What constitutes invoking appraisal? Does a carrier’s refusal to go to appraisal rise to the level of breach of contract?

East Richardson Baptist Church v. Philadelphia Indemnity Insurance Company,1 from the Dallas Court of Appeals, is an interesting case. The Church filed a claim and alleged $32,000 in damages. The carrier agreed to $10,400 in damages and paid it. The Church hired a public adjuster who found $36,000 in damages. Then the Church hired lawyers, who filed suit, but before filing suit the Church filed a formal demand for appraisal. The claim went to appraisal and the panel found $30,000 in damages. The carrier paid the difference between the prior payment and the appraisal award.

The Church went forward with its suit and the trial court granted summary judgment against the Church. The Church appealed asserting two theories on breach of contract. First, the Church alleged that the carrier breached the policy contract because the Church demanded appraisal during the claims handling process and the carrier refused to appraise. Second, breach of contract was proved because the appraisal award was more than what the carrier originally paid.2

To support its allegation that the Church invoked appraisal during the claims handling process, which was denied by the carrier, the Church pointed out two instances in the claim file where the Church or its public adjuster hinted at appraisal during the claims handling process. In one instance the carrier’s adjuster noted that the Church’s pastor, “said he would option for the appraisal provision in the policy.” The other instance was an email from the Church’s public insurance adjuster saying, “If we cannot reach an agreement then the insured is likely to invoke appraisal. . . .”

After citing Webster’s Dictionary on the definition of “would” the court held:

Even if e-mails from an adjuster to the insurer relaying conversations held with representatives of the insured could be considered a “written demand” by the insured, the statements in the e-mails, that Lewis “would option for the appraisal provision” and that he was “likely to invoke appraisal,” do not constitute a “demand” for appraisal of the loss…the statement that Lewis was “likely to invoke appraisal” indicated a likelihood that Lewis would invoke the appraisal process at some point in the future. However, neither statement put Philadelphia Indemnity on notice that the Church was making a present demand that the appraisal process set forth in the policy be followed for determining the amount of the loss. We conclude the Church has not presented any evidence showing it made a demand for appraisal under the policy.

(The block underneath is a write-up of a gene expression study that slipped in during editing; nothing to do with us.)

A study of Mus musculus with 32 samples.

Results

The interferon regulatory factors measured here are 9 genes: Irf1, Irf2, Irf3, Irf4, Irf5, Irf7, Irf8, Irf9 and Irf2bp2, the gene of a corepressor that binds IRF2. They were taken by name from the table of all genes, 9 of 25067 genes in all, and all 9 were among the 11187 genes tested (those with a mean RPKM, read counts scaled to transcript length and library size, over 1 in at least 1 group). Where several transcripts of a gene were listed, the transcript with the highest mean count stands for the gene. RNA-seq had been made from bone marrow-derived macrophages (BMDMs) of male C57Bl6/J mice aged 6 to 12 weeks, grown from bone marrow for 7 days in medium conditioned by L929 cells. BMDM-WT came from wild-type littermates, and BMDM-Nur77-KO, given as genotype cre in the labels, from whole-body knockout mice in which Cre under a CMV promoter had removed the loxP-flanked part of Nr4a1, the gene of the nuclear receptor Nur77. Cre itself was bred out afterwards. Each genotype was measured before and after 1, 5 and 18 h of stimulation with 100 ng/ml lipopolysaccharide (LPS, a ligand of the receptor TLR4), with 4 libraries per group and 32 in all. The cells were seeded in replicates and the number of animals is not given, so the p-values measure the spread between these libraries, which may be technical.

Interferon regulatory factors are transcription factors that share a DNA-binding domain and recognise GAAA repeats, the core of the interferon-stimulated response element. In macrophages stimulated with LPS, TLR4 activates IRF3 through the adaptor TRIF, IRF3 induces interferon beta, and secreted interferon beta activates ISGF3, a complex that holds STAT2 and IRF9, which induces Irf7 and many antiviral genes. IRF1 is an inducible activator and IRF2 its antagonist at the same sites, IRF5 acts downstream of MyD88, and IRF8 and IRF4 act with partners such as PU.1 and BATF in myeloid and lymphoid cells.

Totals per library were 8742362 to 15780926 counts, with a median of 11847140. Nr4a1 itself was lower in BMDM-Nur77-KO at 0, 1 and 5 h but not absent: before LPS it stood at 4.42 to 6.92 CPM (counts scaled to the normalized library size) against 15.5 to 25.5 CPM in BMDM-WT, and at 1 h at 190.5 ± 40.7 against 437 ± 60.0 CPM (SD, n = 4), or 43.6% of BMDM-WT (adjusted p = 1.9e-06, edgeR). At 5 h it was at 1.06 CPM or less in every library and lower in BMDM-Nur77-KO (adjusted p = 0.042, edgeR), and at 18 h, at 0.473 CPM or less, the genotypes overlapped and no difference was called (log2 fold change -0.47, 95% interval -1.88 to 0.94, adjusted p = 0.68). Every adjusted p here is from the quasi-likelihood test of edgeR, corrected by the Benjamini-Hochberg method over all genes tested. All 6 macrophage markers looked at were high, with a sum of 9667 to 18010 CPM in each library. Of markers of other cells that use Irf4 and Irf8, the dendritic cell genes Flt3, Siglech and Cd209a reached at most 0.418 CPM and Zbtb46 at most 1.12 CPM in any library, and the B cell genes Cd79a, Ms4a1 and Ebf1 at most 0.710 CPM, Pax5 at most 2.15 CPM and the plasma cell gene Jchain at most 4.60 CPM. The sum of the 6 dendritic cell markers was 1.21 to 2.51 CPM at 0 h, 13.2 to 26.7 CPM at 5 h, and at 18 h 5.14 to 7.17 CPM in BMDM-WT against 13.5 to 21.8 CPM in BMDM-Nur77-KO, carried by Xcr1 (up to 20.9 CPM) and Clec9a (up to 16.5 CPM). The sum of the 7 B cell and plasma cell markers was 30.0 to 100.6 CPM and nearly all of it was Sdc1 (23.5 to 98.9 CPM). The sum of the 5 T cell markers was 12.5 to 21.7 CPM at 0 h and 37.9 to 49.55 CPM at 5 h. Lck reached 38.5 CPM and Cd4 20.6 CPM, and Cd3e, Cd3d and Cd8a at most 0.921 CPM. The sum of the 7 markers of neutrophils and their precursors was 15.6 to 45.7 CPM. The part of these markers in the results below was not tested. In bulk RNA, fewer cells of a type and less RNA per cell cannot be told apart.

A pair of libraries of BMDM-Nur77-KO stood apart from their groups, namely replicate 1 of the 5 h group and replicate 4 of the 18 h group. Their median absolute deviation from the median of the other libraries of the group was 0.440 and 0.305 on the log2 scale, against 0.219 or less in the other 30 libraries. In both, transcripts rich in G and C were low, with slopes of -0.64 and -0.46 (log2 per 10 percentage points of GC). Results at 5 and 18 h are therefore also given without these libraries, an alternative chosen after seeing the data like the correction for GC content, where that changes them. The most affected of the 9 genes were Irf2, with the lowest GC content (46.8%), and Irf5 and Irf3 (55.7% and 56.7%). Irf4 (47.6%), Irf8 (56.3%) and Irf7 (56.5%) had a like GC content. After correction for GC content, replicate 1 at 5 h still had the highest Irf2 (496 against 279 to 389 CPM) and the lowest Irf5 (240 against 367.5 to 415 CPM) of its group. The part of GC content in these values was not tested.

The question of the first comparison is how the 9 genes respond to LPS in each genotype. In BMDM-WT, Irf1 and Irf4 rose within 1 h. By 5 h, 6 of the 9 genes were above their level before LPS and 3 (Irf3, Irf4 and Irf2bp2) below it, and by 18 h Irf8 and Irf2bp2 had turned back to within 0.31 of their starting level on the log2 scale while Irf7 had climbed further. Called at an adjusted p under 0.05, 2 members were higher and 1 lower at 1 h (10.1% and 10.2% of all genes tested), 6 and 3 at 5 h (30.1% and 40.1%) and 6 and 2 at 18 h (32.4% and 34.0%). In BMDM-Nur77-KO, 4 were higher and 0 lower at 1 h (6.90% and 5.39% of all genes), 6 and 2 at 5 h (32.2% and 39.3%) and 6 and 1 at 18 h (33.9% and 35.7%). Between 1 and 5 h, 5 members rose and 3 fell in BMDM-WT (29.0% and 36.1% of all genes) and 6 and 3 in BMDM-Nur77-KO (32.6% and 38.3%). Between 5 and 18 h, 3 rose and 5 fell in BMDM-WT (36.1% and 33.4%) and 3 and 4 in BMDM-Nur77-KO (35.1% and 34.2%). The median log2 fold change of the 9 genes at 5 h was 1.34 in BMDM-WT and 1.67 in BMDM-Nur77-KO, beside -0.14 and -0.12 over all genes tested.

One of my favorite movies is The Good, the Bad, and the Ugly. This case reminded me of Tuco’s famous line in the movie. “When you have to shoot…shoot. Don’t talk.” If you want to invoke appraisal write a letter and invoke appraisal. Hinting at it during the claims handling process won’t cut it.



1 East Richardson Baptist Church v. Philadelphia Indemnity Ins. Co., No. 05-14-01491-CV (Tex. App.-Dallas Mar. 30, 2016).
2 The Church based this argument on In Re Allstate County Mutual Ins. Co., 85 S.W.3d 193 (Tex. 2002) (orig. proceeding), but the appellate court dismissed the argument by distinguishing Allstate from the present case.